Orchids forum: Question about growing Phal.

Starkville, MS (Zone 8a)
[url=www.tropicalplantsandmore.com]
Orchids Greenhouse Vegetable Grower Ferns Region: United States of America Hummingbirder
Composter Bromeliad Master Gardener: Mississippi Cat Lover Tropicals Plumerias
Aug 8, 2015 9:35 AM CST
This post was moved from the "Adenium" forum. I don't know how to move things the right way, so this is the best I could do.

RCanada
Aug 8, 2015 10:25 AM CDT

Ken, I was unsure as to whether it was you that I had read, grew Orchids. I am relatively new to them. Have had some in the past, but I recently was given a Phalenopsis Orchid and I repotted it into a new pot once it had finished blooming and it was actively growing. Since repotting, I have noticed that the lower leaves have a somewhat dull and withered look to their surface. I am not sure whether this is a shock, lack or over watering issue. Repotted into a an orchid mix (fir bark/perlite/charcoal, etc.) What would be your thoughts on this?

Rick
drdawg (Ken Ramsey) - Tropical Plants & More
[url=www.tropicalplantsandmore.com]www.tropicalplantsandmore.com[/url]
If God wanted me to touch my toes, he would have put them on my knees.
Name: Ken Ramsey
Starkville, MS (Zone 8a)
[url=www.tropicalplantsandmore.com]
Orchids Greenhouse Vegetable Grower Ferns Region: United States of America Hummingbirder
Composter Bromeliad Master Gardener: Mississippi Cat Lover Tropicals Plumerias
Image
drdawg
Aug 8, 2015 9:47 AM CST
Yes, Rick, I grow hundreds of orchids - lots of hundreds. That being said, Phal. is not a family of orchids that I grow much of. I will do my best to answer your questions, but others with more Phal. experience will be able to help you more than I.

The first thing I and other will want to see are pictures of what you have going on with your plant.

Many plants will "sulk" when re-potted, and Phal. can do this. Plants in general do this, and yes, its transplant shock.

By their very nature, Phal. will lose those older, lower leaves. That's just their nature. Those leaves will gradually turn yellow, then brown, and will just fall off the plant on their own. I generally cut my leaves off when they are mostly yellow and sprinkle cinnamon on the cut surface to inhibit fungus invasion.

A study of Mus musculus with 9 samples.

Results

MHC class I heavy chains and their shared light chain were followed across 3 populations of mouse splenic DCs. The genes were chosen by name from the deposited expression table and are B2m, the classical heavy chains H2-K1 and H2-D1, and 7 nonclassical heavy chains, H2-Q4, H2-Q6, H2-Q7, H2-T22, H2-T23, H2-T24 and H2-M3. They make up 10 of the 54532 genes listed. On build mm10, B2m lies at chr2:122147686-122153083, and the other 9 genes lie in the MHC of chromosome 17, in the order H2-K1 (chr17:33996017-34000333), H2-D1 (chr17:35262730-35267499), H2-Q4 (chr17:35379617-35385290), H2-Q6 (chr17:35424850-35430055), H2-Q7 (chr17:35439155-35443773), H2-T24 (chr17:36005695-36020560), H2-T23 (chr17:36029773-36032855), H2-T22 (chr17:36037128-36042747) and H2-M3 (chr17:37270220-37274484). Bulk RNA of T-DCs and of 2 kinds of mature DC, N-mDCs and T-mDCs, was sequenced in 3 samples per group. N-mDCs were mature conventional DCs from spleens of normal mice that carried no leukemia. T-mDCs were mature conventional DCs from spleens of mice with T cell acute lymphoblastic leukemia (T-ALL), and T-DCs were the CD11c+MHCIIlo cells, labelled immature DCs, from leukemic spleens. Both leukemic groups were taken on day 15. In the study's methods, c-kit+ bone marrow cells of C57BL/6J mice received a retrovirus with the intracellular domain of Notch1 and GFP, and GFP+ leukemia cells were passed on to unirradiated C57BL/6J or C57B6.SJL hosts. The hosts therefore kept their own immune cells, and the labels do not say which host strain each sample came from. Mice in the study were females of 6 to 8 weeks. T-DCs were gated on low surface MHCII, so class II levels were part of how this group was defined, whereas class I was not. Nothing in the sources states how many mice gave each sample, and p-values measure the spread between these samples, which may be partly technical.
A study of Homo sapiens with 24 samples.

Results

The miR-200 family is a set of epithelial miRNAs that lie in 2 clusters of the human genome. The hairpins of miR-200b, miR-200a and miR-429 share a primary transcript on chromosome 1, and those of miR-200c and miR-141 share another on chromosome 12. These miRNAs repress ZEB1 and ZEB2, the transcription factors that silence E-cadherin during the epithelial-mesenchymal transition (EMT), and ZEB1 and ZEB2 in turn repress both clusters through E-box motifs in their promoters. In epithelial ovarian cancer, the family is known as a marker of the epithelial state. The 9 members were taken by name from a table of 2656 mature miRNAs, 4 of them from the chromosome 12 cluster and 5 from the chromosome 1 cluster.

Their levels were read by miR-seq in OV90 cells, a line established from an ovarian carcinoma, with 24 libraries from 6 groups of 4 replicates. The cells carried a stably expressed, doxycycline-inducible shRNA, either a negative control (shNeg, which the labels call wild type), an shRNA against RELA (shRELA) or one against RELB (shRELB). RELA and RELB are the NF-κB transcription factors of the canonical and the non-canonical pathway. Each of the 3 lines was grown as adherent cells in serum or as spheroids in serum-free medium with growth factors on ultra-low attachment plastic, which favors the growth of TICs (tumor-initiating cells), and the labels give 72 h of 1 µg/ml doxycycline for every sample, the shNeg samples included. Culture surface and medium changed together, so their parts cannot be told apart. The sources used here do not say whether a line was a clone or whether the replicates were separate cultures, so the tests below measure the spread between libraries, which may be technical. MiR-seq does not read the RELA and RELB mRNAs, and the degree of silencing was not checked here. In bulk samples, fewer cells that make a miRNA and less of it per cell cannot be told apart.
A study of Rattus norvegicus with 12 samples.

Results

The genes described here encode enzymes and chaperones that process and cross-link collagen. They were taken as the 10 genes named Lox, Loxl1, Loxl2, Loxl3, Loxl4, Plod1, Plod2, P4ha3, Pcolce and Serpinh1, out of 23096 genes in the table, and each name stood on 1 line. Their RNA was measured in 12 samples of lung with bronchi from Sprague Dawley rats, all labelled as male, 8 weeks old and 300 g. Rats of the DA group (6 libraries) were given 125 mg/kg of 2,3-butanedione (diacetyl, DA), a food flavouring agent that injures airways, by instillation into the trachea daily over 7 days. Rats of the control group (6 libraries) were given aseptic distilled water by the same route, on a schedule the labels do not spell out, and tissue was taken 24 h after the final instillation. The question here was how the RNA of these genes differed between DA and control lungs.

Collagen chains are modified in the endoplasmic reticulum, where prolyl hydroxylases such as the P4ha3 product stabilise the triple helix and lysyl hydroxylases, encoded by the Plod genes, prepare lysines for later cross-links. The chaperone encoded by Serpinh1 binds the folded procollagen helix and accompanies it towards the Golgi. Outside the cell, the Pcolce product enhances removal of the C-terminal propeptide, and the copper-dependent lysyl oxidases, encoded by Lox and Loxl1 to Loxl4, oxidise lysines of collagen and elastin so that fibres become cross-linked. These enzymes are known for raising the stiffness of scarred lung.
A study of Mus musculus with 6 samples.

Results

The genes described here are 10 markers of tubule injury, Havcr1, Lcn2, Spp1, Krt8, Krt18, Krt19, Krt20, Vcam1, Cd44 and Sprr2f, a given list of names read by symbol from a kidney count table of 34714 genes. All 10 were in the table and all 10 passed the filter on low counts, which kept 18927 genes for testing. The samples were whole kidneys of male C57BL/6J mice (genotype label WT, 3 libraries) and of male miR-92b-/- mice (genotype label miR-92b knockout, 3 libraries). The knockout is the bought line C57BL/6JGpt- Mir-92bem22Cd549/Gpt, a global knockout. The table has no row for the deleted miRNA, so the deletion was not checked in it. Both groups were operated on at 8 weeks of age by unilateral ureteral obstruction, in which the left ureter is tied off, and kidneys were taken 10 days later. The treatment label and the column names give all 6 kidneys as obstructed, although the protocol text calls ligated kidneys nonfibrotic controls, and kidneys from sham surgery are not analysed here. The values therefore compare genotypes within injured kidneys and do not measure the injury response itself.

I think your media is fine. That's pretty much what I use, though I add expanded clay and coconut fiber chunks to the mix. Be sure you have your Phal. tilted so that any water than gets in the crown will have an opportunity to run off. Otherwise, you can/will get crown rot. Phal. likes lots of air exposure to its roots, so air movement is needed for them to do well. I also use mesh pots to maximize air movement in the media. If the Phal. is large and top-heavy, I will go to a clay pot. The unglazed clay allows air to move through its side walls.
drdawg (Ken Ramsey) - Tropical Plants & More
[url=www.tropicalplantsandmore.com]www.tropicalplantsandmore.com[/url]
If God wanted me to touch my toes, he would have put them on my knees.
Name: Rick
Vancouver Island, Canada (Zone 8a)
Seed Starter Peonies Plumerias Dog Lover Hibiscus Region: Canadian
Tropicals Keeps Horses Cactus and Succulents Adeniums
Aug 8, 2015 11:29 AM CST
Here are a few photo's of my Phal. It does have new growth further up the stem about 1/2" long.
Just need to familiarize myself with conditions and requirements.


Thumb of 2015-08-08/RCanada/a51396


Thumb of 2015-08-08/RCanada/4c7d78


Thumb of 2015-08-08/RCanada/62d490

Rick

"Many times a day I realize how much my own outer and inner life is built upon the labors of my fellow men, both living and dead, and how earnestly I must exert myself in order to give in return as much as I received"
Name: Ken Ramsey
Starkville, MS (Zone 8a)
[url=www.tropicalplantsandmore.com]
Orchids Greenhouse Vegetable Grower Ferns Region: United States of America Hummingbirder
Composter Bromeliad Master Gardener: Mississippi Cat Lover Tropicals Plumerias
Image
drdawg
Aug 8, 2015 11:57 AM CST
Good pot and good media, Rick. Remember the need for these plants to grow at an angle. In fact, they do this in nature. If you are growing the plant strictly in the house, you need to raise the humidity. Just make an inexpensive pebble tray and sit the pot on those pebbles. That will help. Our central AC/heat, creates a really dry environment, and tropical plants flourish in humid conditions. Misting the plant a couple of times a day will help as well. The shriveling may well be due to low humidity but otherwise, the plant looks healthy.
drdawg (Ken Ramsey) - Tropical Plants & More
[url=www.tropicalplantsandmore.com]www.tropicalplantsandmore.com[/url]
If God wanted me to touch my toes, he would have put them on my knees.